November 28, 2010
xxAre you sure you want to read this article?xx
    xxYesxx                      xxNoxx

Are you confused? Do you ask yourself, what the ‘x’s are all about?
Then you should definitely click Yes, err, read ahead.

There are some technical references, but I am not going into too much detail because every one of which could fill an article by itself (and maybe will, sometime).

KDE aims at an as wide user base as possible. In order to achive this goal, we translate our software. As translators (I am one of the German language jugglers) we translate what is given to us by the wonderful and glorious Scripty. Scripty is a little Daemon[1] that extracts Strings from the UI every day and hands them over to the translators in form of easy-to-handle PO files. These PO files are then opened with Lokalize (which seems to be horribly broken with Qt 4.7.1, but that is another story) and translated string by string. The PO file can be tested by converting it to the MO format and moving it to the LC_MESSAGES folder of your language, e.g.:
msgfmt kannasaver.po -o $KDEDIR/share/locale/de/LC_MESSAGES/kannasaver.mo

If the PO file was at 100%, your application is now fully translated, congratulations.[2]

But wait. What is that? Is it a bird? Is it a plane? No! Is an untranslated string!

It is pretty common for us to find untranslated strings although the translation for the application in question is at 100%.
How is that possible?

There are several possible reasons. Some of which are

  • missing i18n() calls in the sources,
  • defective Messages.sh files or
  • strings actually coming from another catalogue (e.g. kdelibs), that is not fully translated.

The latter is rather easy to spot in most cases, since the strings appear in general dialogues or on standard buttons. But what about the other two?

For translators it does not come natural to browse the code looking for the problem. On the other hand, developers have their heads wrapped around the code structure and tend to forget about i18n issues.[3] So these days there are a few mighty heroes spotting these strings and fixing the issues. But they do not fight with their bare hands. They have a powerful tool to to assist them. Its name is …

Wait, I want to stop here for a second to remind you that it is a good deed to help people in need, like old people who have trouble crossing the street or people who obviously carry something too heavy for them. :)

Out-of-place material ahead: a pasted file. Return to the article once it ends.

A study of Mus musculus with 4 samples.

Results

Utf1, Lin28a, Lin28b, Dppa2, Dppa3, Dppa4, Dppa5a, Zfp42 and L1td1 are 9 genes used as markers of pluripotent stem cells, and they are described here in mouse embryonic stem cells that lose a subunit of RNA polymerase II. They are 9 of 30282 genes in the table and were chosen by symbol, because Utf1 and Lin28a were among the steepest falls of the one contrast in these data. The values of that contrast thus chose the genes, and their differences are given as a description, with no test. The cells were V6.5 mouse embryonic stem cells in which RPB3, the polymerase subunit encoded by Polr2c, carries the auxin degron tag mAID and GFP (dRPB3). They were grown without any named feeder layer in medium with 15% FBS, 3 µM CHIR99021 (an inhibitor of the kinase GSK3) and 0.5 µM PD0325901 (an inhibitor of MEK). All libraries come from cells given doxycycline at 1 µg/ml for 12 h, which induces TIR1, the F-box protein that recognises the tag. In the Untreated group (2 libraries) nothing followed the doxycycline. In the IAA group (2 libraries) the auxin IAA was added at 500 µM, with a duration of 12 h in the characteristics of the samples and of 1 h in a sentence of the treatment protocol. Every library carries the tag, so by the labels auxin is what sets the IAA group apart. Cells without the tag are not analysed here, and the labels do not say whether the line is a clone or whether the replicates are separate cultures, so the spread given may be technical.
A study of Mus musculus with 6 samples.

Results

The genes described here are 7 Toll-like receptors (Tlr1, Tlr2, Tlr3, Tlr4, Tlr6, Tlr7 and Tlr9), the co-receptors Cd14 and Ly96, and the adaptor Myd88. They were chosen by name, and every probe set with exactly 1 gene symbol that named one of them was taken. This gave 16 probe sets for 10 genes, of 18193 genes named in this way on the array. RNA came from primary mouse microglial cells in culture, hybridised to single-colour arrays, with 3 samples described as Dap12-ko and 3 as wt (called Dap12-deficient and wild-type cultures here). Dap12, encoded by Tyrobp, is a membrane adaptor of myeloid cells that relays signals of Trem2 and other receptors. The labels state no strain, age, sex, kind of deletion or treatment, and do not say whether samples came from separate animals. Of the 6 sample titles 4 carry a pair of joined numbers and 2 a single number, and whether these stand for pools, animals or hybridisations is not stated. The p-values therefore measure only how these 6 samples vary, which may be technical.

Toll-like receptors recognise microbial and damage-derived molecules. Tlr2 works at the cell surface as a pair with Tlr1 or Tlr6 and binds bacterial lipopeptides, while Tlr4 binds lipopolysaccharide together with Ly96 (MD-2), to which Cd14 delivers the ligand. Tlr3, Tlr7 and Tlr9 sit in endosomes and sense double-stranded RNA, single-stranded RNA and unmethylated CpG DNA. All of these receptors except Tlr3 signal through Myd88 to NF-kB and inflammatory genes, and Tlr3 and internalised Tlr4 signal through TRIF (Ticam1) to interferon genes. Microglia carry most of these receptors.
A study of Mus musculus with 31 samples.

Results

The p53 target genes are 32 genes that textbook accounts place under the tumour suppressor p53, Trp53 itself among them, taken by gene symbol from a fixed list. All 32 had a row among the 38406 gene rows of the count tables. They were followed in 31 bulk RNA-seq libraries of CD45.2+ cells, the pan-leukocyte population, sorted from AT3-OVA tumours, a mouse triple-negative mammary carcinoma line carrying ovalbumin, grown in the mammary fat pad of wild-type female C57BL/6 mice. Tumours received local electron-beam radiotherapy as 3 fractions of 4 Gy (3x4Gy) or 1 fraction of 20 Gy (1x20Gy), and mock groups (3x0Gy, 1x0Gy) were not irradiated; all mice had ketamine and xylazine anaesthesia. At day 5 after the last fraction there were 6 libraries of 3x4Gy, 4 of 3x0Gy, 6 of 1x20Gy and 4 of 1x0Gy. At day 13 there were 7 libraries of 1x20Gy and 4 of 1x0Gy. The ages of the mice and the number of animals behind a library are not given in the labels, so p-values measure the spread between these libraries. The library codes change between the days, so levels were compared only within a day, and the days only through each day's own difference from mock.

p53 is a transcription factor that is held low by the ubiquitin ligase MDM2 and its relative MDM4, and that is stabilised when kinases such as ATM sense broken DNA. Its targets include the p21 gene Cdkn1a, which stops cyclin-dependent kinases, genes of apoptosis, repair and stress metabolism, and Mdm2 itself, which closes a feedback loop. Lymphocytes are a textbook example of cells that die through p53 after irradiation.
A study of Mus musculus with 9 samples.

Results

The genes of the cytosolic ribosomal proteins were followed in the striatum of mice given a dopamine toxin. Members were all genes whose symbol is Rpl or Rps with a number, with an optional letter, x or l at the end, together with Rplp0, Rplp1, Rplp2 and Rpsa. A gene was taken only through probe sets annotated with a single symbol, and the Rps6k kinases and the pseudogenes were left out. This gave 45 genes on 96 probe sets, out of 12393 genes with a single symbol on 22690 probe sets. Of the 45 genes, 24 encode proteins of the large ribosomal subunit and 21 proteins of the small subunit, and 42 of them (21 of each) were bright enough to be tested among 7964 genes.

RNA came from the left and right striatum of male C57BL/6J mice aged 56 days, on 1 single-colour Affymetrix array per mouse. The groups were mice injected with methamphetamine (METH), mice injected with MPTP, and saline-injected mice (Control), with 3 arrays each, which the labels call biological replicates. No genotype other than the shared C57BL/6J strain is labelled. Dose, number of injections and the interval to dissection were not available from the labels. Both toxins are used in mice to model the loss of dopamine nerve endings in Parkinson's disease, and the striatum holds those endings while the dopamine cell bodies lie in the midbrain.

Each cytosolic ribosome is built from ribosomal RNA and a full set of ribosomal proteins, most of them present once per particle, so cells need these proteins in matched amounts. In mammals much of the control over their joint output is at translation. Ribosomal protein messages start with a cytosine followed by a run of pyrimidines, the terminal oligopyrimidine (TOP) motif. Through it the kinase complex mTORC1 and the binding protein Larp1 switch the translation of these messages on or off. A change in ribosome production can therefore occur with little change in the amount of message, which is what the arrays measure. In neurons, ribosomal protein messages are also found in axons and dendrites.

So, where was I? Ah right, … Its name is x-text! Pretty cool name, eh? So what is the secret power of x-test?
It is a language. A language which holds the original strings with prepended and appended “xx” (Kannasaver for example).

If you are actively developing using the x-test language, you can spot some i18n issues early in the process and avoid last-minute fixes found by one of the translators or users of the translation. It even assists you to some extent spotting design issues of you application.

For example, if you have a button with an English label that fits perfectly, you might feel safe. But then there is this translation where the proper word for the label is longer than the original text and it is cut-off due to the fixed width of your button. The four extra ‘x’s can help here in some cases.

But that is just an extra. Untranslatable strings found and fixed by the developers themselves take quite a workload off the translation folks while not generating more work for or standing in the way of the developer.

If you are using kdesrc-build, you just need to add x-test to the kde-languages line of your .kdesrc-buildrc file, e.g.
kde-languages de x-test
and you are done. Well, almost …

I think there is an issue in the way kdesrc-build builds translations. It fails if PO files are (re)moved or added. I did not investigate that further yet but it helps to remove the language’s build folder to fix it. Please comment, if you know more about this.

Alright, that’s it for today, enjoy your Sunday … and install x-test. :)

xxRegardsxx

[1] For me, Scripty is the Daemon + the people around it (mainly Albert, Pino and Burkhard, who maintain its operation state and do all the other manual maintenance work needed)
[2] Boldly simplified for the sake of the actual topic. :)
[3] Yes, I am guilty as well. If I code, I make i18n mistakes even though I should know very well about them after almost five years of translating.